Today’s Wonder of the Day was inspired by Mahmoud. Mahmoud Wonders, “Why is bubblegum sticky ” Thanks for WONDERing with us, Mahmoud!

Today's Wonder of the Day features a substance that's both chewy and sweet. Most kids consider it to be a real treat. Whatever you do, though, don't swallow it! It's not something you eat. What are we talking about? Bubble gum, of course!

If you're a fan of bubble gum, you know how much fun it can be to chew. Sooner or later, though, the fun comes to an end as the gum slowly loses its flavor. What do you do then? We hope you spit it out into the trash. Unfortunately, many pieces of bubble gum end up on sidewalks or stuck to the bottom of school desks.

Have you ever accidentally stepped in bubble gum on the sidewalk? If so, you know what a sticky situation that turns out to be. As you try to rub the gum off your shoe, it stretches and sticks to your hands and new places on your shoe. Even using cleaners doesn't seem to help remove the sticky residue, which can stick around for several days.

Exactly what makes bubble gum so sticky? Let's take a look at the science behind the materials that go into bubble gum.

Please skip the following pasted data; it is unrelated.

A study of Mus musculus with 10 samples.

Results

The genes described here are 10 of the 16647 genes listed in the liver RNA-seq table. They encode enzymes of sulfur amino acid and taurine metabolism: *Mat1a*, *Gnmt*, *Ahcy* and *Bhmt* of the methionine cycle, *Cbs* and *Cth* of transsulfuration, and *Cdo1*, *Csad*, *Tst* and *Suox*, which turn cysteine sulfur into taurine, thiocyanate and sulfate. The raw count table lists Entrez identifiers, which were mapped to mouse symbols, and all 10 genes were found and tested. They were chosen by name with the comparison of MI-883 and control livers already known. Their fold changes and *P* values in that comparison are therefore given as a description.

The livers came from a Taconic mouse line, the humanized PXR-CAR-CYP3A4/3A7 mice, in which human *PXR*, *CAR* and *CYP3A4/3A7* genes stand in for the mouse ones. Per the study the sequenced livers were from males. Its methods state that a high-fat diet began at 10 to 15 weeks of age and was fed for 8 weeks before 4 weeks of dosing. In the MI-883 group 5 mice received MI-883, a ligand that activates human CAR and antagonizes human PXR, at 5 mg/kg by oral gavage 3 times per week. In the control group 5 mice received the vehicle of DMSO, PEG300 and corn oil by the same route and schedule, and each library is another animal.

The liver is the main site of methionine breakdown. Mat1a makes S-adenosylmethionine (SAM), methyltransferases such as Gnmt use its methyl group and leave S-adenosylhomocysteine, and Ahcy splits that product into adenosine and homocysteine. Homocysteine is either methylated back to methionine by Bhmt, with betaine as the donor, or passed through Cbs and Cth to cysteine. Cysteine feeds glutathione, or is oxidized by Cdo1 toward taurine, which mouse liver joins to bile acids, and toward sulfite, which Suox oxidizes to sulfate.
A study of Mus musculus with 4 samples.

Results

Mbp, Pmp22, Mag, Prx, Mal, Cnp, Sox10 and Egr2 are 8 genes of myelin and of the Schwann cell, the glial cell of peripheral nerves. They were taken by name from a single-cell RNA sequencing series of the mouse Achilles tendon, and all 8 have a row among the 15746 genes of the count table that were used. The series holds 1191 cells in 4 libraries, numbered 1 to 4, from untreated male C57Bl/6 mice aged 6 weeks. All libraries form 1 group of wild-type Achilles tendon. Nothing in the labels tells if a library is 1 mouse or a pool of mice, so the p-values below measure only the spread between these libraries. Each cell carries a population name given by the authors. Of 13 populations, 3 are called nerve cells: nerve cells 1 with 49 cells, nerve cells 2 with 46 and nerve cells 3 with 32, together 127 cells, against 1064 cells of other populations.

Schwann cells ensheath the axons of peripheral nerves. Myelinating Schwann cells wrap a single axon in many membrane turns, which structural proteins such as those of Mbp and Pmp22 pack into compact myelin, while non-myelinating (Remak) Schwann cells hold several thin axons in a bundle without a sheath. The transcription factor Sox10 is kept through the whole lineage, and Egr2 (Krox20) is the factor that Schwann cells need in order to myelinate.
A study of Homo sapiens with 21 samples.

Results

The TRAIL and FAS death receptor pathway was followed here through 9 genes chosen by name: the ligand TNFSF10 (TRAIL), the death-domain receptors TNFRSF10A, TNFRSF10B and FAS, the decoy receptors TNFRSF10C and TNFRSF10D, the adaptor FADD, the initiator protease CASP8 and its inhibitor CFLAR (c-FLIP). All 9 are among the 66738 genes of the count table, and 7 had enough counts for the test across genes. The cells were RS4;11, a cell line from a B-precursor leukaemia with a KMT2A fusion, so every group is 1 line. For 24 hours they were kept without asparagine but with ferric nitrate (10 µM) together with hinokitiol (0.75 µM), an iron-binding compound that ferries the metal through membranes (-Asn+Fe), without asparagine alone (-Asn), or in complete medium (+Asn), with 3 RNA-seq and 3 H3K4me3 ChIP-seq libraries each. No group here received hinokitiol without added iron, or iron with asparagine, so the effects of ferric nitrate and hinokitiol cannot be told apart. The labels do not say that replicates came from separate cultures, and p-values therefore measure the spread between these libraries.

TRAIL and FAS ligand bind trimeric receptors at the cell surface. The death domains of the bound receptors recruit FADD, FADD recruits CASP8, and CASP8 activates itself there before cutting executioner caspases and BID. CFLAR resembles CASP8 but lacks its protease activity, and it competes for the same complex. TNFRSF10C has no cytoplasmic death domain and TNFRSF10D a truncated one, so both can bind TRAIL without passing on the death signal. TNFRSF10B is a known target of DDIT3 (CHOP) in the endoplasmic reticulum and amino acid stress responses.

Each type of bubble gum has its own unique formulation. However, there are common types of ingredients found in all types of bubble gum. For example, the sweet taste usually comes from a variety of sugars and flavoring.

The elastic, chewable properties of bubble gum come from the other ingredients, such as polymers (including elastomers), plasticizers (such as natural or paraffin waxes), and resins that act as stabilizers. These ingredients give bubble gum its texture and elasticity.

Unfortunately, they also give bubble gum its sticky nature. The polymers in bubble gum are hydrophobic, which means they repel water. The watery saliva in your mouth dissolves the sugars and flavorings, but you can keep chewing because the polymers don't get dissolved.

While these polymers repel water, they're attracted to oil. When they come into contact with oily surfaces, such as sidewalks, soles of shoes, fingers, and hair, they form a strong bond and stick tight. The long chains of chemical bonds within polymers make cleaning up even more difficult, because they tend to stretch rather than break.

One day, though, sticky bubble gum messes may be a thing of the past. Scientists have developed new bubble gum polymers that are hydrophilic, meaning they break down in the presence of water and will deteriorate naturally over a short period of time.

Will new non-stick gums be beneficial? Some city officials certainly hope so. Officials in London, England, have estimated that it costs English taxpayers nearly four million dollars every year to pay for the removal of used gum from public places, such as subway trains and stations.